Trinity’s director, Anuradha Sridhar, has been a tireless teacher, performer, and ambassador for Karnatik music in the Bay Area. Groomed in a milieu that traces its roots back to the most significant Karnatik composer of all time, Saint Thyagaraja, the strains of music have been handed down in her family like a precious heirloom, from generation to generation. Her grandfather, Lalgudi Gopala Iyer, was an innovative teacher and a versatile musician who showed musical agility over a range of instruments. Sridhar, who has vivid memories of learning sessions with him, is the daughter and disciple of his fourth child, Lalgudi Srimathi Brahmanandan, the reputed sister of violin maestro Lalgudi G. Jayaraman.
The spark and skill Sridhar displayed at a young age was honed by her mother. When she performed on Doordarshan at age seven, several senior musicians of the era called her parents to commend her performance of Papanasam Sivan’s famous work “Ennathavam Seidhanai” in Raga Kapi. They had noticed that the child had imbibed, very early indeed, the Lalgudi tradition or bani—with its emphasis on purity of sound, emphasis on raga bhava (emotion), understanding of the sahityam (lyrics), and mastery over layam (rhythm).
For Sridhar, the responsibility and privilege of belonging to such a family set in early as she began to be groomed for the stage. She has performed with her mother from the time she turned 12, accompanying her in later years in performances in India, Singapore, United Kingdom, Australia, New Zealand, Canada, and the United States. Sridhar still continues to accompany senior musicians around the country and also performs duets with her mother and guru in the Chennai music festival season.
Over the last many years Sridhar has invested a substantial part of her musical energy into grooming young artistes in her studio. Since 2003, many students of the Trinity Center have excelled at music competitions held in Cleveland and in the Bay Area. In the last four years, Cleveland’s top prizes in kriti and in the improvisational aspects of raga alapana, neraval, kalpanaswaram, and pallavi, have gone to Trinity’s students; judges have praised the children’s diction, adherence to purity and tradition and their passion in rendition. Many of these students have also distinguished themselves in the Bay Area as youth musicians of high caliber, both as vocal and violin soloists and as up and coming violin accompanists.
Trinity Center has also received California Arts Council grants for the advanced training of its students. The Trinity team, bolstered by the vision of its guru, took home the first prize in the “Best School Competition” in the 2009 Cleveland Aradhana.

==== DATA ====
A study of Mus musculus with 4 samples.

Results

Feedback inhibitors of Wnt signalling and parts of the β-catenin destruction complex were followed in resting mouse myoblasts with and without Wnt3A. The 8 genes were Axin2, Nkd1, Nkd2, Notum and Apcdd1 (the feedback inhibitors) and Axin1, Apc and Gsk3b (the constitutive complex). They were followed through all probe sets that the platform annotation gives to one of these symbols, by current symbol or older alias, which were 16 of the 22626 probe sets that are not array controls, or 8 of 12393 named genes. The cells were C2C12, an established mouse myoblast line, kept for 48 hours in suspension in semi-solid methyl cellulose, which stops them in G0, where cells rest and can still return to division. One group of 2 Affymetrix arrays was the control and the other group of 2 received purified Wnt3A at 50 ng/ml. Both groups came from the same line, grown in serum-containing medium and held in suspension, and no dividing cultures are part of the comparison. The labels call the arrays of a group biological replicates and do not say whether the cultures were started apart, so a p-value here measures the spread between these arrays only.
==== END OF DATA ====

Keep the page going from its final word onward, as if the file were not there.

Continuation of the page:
Sridhar and her students are also beginning to make an impact on music-related initiatives in the mainstream. In November 2009, they were invited to be part of a Youth Music Initiative for the San Francisco World Music Festival that involved musicians from many genres and cultures, including Kyrgyzstan, Tibet, Taiwan, North and South India.
The challenges of imparting a Karnatik music education outside its organic setting in Chennai are manifold and Sridhar is sensitive to that. Karnatik music cannot be taught without putting a Karnatik “eco-system” in place, she says.
“You have to teach the students who are born and raised here the values that we in India grew up with—such as compassion for elders, respect towards them and obeisance to the guru,” she says. Where it pertains to the issues of pronunciation, accent, and the meaning of the lyrics as intended by the composer, Sridhar is exacting. She seeks out the help of experts to get at the correct words as well as the literal and the larger, philosophical meaning of a composition. She demands that her students do the same.
“A wholesome, soulful musical presentation grows out of the utmost shraddha (dedication) to the art form,” Sridhar says.
“Salutations to the Guru” will be a musical tribute to all the gurus in Anu Sridhar’s lineage. The performance will present the versatility of all its students, featuring their instrumental, vocal, and percussive skills. The students are working with single-minded focus, exactly in the way their guru prescribes, hoping that their efforts will linger in the minds of their audience long after the tunes of the evening have faded away.
Sept. 11, 4 p.m. Jewish Community Center, 3921 Fabian Way, Palo Alto. $15. (650) 704-1720, (408) 504-3763. www.anuradhasridhar.com.